The news was confirmed early on Wednesday, and we can't wait to see the lady's pregnant belly rocking out very soon!
But there wasn't all good news with this miracle of an event.
[Image via Brian To/WENN.]
Lifetime's The Picker Sisters and ABC’s Extreme Home Makeover: Home Edition's lifestyle expert Tanya McQueen is back and this time she's got some great new family traditions that will help us feel "rejuvenated" into the New Year.
And bonus! She also has a delicious recipe for New Year's Beef Stew! Nom nom nom!
"One of the best parts of growing up in a small town was being able to pop fireworks. Two times a year, July 4th and New Years, we waited with crinkled bills in hand to go buy our Black Cats, sparklers and roman candles.
Another great part of growing up in a small town, is that our parents seemed to not mind that a bunch of kids were running around in the pasture with open flames, lighting fireworks. Well, as we all know well, things aren’t always that carefree. For starters, I don’t think I’ve ever seen fireworks sold in the city, much less kids running around with matches and poppers in hand; obviously for good reason.
While I do miss those memories, I’ve started to create a few of my own. New Year’s is a great time for rejuvenation. Without sounding too mushy, I do spend the 31st of December thinking about my life, my marriage and my children. We usually spend the holidays in Texas, which allows for us to ring in the New Year with my extended family. The 31st finds us around a campfire, roasting marshmallows on sticks that each kid has to find on their own…(part of the thrill).
We always make a stew that is washed down with champagne, while the kid’s kick back with their sparkling juice. Dinner is followed with an annual hayride under the stars, while covered in blankets. Then, the pinnacle of the night, for ALL the kids, is that they get to stay up until MIDNIGHT…gasp!!! I can remember the thrill of fighting Mr. Sandman, when I was a kid. I would try so hard to stay awake for the ball to drop with very little success. Now it’s fun to watch my kids deny their fatigue and fight through the night waiting to usher in another year. Even though the kids put up a heck of a fight, we always find ourselves counting down the clock with very few of them awake. After a whirlwind of kisses and well wishes, we add another log to the fire, pour a celebratory glass of champagne and think about how lucky we are to be with our family.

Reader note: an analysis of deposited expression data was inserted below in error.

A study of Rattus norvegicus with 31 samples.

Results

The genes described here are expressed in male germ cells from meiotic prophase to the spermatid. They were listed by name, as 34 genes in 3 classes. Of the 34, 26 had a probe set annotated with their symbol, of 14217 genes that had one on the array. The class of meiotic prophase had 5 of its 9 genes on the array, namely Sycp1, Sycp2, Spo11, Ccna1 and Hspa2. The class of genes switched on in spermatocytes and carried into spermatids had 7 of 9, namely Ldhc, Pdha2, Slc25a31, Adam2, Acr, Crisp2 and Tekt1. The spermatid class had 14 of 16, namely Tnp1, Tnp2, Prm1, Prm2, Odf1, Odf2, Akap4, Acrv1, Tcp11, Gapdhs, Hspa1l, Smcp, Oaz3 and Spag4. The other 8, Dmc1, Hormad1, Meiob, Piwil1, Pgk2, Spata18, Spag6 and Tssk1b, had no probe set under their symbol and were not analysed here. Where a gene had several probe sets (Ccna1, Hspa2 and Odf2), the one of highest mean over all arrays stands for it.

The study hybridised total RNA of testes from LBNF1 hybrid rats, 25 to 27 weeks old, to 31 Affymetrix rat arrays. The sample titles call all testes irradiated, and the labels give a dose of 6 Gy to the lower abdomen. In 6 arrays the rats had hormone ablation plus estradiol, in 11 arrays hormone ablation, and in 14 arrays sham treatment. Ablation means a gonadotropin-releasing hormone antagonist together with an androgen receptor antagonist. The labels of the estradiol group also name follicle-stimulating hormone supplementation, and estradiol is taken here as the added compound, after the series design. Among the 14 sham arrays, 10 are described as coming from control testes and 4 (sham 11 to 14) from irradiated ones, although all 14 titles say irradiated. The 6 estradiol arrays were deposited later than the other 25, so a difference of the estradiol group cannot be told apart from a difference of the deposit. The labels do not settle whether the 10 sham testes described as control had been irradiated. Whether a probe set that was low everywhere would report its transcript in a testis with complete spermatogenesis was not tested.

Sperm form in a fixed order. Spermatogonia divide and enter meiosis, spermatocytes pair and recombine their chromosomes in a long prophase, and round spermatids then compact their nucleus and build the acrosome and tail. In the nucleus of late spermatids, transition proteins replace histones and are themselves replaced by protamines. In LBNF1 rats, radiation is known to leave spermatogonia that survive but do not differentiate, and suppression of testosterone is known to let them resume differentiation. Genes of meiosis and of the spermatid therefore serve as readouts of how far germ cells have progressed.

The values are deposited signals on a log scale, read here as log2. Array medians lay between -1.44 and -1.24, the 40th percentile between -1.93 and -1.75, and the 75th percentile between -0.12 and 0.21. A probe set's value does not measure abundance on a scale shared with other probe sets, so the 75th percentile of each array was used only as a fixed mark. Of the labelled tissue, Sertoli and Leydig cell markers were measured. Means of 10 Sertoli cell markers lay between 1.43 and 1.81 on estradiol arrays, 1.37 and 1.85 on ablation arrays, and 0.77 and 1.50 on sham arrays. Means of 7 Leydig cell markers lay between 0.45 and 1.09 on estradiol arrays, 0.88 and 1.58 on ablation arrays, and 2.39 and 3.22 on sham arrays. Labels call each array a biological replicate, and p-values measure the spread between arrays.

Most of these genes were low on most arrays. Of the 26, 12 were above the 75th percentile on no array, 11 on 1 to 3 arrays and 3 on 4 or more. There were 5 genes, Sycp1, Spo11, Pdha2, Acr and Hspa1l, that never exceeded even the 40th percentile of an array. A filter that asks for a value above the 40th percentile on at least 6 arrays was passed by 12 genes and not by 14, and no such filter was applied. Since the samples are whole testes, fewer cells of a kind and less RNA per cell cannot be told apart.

May 2012 be your YEAR!!"
Making New Year's Eve family traditions for your children is a healthy and fun way to keep you connected for generations to come!
And for Tanya's New Year’s Beef Stew With Red Wine recipe, click after the jump!
1 Cup All Purpose Flour
2-3/4 Pounds Beef Chuck (cut into 2-inch cubes)
Kosher Salt to taste
Fresh Ground Cracked Black Pepper to taste
3 Ounces Fatback or Salt Pork (cut into 1/8-inch dice)
5 Celery Stalks (2 cut into 1/8-inch dice)( 3 cut into 2-inch lengths)
4 Medium Carrots (peeled, 1 cut into 1/8-inch dice)( 3 cut into 2-inch lengths)
1 Medium Onion (cut into 1/8-inch, diced)
10 Garlic Cloves (peeled)
2 Fresh Bay Leaves
1 Bottle Dry Red Wine (750 milliliter)
2 Tablespoons Tomato Paste
6 Small White Potatoes (quartered) Fresh Parsley (chopped)
1. Place flour in a shallow bowl.
2. Season beef with salt and pepper.
3. Lightly coat pieces with flour.
4. Cook pork fat in a large heavy pot over medium heat until it renders its fat.
5. Remove large pieces of pork fat.
6. For about 5 minutes brown beef on all sides in rendered fat.
7. Remove beef and set aside.
8. For approximately 4 minutes add garlic, onion, carrot and diced celery to pot and slowly cook until softened.
9. Add bay leaves, red wine and tomato paste and stir to dissolve tomato paste.
10. Add beef chunks, season with salt and pepper.
11. Cover pot and simmer over low heat until meat is fork-tender for about 2 1/2 to 3 hours.
12. Add potatoes and remaining carrots and celery.
13. For the next 25 or 30 minutes continue to simmer until they are just cooked.
14. Serve in wide bowls and garnish with fresh parsley.